Calculating VMAF and PSNR with FFmpeg

FFmpeg is a great tool for video processing, it basically allows us to manipulate videos any way we like. Depending on the concrete use case, however, it can be challenging to assemble the right command. In this blog post, I will explain how to calculate the Video Multi-Method Assessment Fusion (VMAF) and Peak signal-to-noise-ratio (PSNR) scores in a single FFmpeg command, and produce the results in JSON format or a text file.

The scenario

Let us assume that we’ve created multiple encodes from our high quality source video and would like to check if the quality of our encodes is sufficient enough to deliver the video to the end user. As an example, this is a mandatory step for per-title encoding, which I explained in one of my previous blog posts. The most straightforward way to determine the quality of a video is by watching it and assigning a subjective quality score. For instance, we can rate the quality of our encodes on a scale from 1 to 5, with 1 being bad and 5 being very good. This simple scoring system is often referred to as the Mean Opinion Score (MOS). However, it requires us to watch all of our encodes multiple times, which obviously only scales to a certain degree. Even Netflix and YouTube can not afford to put thousands of people in front of a TV and let them rate the quality of their encodes. Hence, we need a more sophisticated approach to determine the quality of a video. Ideally, this process is completely automated and does not require any human interaction.

Video Quality Metrics

Video quality metrics such as VMAF and PSNR promise to do exactly that. Based on the source video, and the encoded video a video quality score is derived. Although I will not go into the details of both metrics, I want to highlight some of the key facts and common pitfalls:

  • In order to compute a PSNR or a VMAF score, the source video and the encoded video need to have the same resolution.
  • Both video quality metrics work on a frame basis. This means that videos are compared frame by frame and compute an overall score. Usually, the overall score is based on the arithmetic mean, alternatives like the harmonic mean are also valid and possible.
  • Some encoders include an additional black frame at the beginning of the video. This can falsify the results as it leads to a frame shift and an unequal number of frames between source- and encoded video.
  • While PSNR is based on the mean squared error, VMAF is a machine learning-based model that was trained on actual MOS scores. Hence, the VMAF scores are usually linked closer to the actual perceived quality of a video.
  • The default VMAF model is trained for video consumption on a 1080p TV device. There are two more models, one for mobile devices (trained on Samsung S5 with resolution 1920×1080), and one for 4k devices.

Metric Calculation with FFmpeg

Now that we know why we need metrics like VMAF and PSNR, we can take a closer look on how to calculate them. Without any further delay, here comes the FFmpeg command:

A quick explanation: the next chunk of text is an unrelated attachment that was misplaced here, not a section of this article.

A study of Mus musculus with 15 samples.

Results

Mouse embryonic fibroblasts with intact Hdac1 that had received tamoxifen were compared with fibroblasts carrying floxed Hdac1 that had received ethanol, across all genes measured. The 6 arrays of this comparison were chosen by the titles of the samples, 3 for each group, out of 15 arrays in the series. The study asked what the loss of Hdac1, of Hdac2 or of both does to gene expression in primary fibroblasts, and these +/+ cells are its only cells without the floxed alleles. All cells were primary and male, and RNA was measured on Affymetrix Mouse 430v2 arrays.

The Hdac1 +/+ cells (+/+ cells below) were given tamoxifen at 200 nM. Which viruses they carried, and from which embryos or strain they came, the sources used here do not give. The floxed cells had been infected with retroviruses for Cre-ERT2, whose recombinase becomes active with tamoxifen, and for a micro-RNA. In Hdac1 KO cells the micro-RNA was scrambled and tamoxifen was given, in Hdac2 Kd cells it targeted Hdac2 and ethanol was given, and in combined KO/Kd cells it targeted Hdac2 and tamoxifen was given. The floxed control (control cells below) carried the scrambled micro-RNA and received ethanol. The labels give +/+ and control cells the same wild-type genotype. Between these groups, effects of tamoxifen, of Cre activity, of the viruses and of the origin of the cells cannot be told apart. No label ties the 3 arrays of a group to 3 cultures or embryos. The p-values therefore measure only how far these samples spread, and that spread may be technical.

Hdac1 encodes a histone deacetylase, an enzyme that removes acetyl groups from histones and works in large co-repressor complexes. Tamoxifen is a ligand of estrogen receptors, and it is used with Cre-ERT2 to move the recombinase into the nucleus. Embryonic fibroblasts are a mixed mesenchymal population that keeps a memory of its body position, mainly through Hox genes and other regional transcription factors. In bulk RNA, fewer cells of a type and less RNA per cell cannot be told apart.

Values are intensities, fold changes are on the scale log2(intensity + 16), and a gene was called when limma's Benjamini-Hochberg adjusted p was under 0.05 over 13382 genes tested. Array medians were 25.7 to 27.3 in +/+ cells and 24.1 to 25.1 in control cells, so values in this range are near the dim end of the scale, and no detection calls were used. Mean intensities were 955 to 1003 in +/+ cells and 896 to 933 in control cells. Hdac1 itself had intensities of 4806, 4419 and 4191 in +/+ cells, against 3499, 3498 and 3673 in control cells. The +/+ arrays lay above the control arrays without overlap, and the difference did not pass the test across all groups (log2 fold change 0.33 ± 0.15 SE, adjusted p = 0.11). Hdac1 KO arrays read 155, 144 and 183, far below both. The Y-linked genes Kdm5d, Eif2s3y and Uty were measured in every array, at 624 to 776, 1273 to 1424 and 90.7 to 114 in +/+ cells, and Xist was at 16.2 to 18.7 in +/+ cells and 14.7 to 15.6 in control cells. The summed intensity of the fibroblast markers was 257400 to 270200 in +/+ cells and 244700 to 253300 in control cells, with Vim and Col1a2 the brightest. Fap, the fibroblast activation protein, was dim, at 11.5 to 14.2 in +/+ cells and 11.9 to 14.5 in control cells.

ffmpeg -i encode.mp4 -i reference.mp4 -filter_complex "[0:v]scale=1920x1080:flags=bicubic[main]; [1:v]scale=1920x1080:flags=bicubic,format=pix_fmts=yuv420p,fps=fps=25/1[ref]; [main][ref]libvmaf=psnr=1:phone_model=1:log_fmt=json" -f null - > out.json;

Okay, so that is a lot to take. Let us take a closer look at the individual parts. We start off pretty easily by specifying the paths to our encoded and reference videos. Then, we assemble our filter chain. First, we tell FFmpeg to take the video track of our first input (“[0:v]”) and scale it to a resolution of 1920×1080 using the bicubic scaler. We pipe the resulting file into a variable called “main”. Please note that you can use different upscaling algorithms (e.g lanczos or bilinear) at this point, but they should be the same for the encode and the reference files. After scaling the encode, we add some filter options to the reference file. We scale the reference up to 1080p as well. In addition, we set the framerate to 25fps and the pixel format to yuv420p. The result is piped into a variable called “ref”. Depending on your needs you can omit the fps- and the pixel format filter, or add it to the filter chain of the encoded video. Just remember to make sure that your encode and your reference file have the same format and number of frames.
Finally we use our two variables, “main” and “ref”, and feed them into the VMAF library. We tell FFmpeg to determine the PSNR score (“psnr=1”) as well and to use the phone model for VMAF calculation. If you want to use the standard model you can just omit the “phone_model=1” option. We specify a JSON output format and write the results to “out.json”. That is it. Our result will look like this:

Exec FPS: 9.794471
VMAF score = 80.45
PSNR score = 39.6

Conclusion

This concludes our dive into the world of FFmpeg and video quality metrics. If you want to find out more about encoding, feel free to check out our website.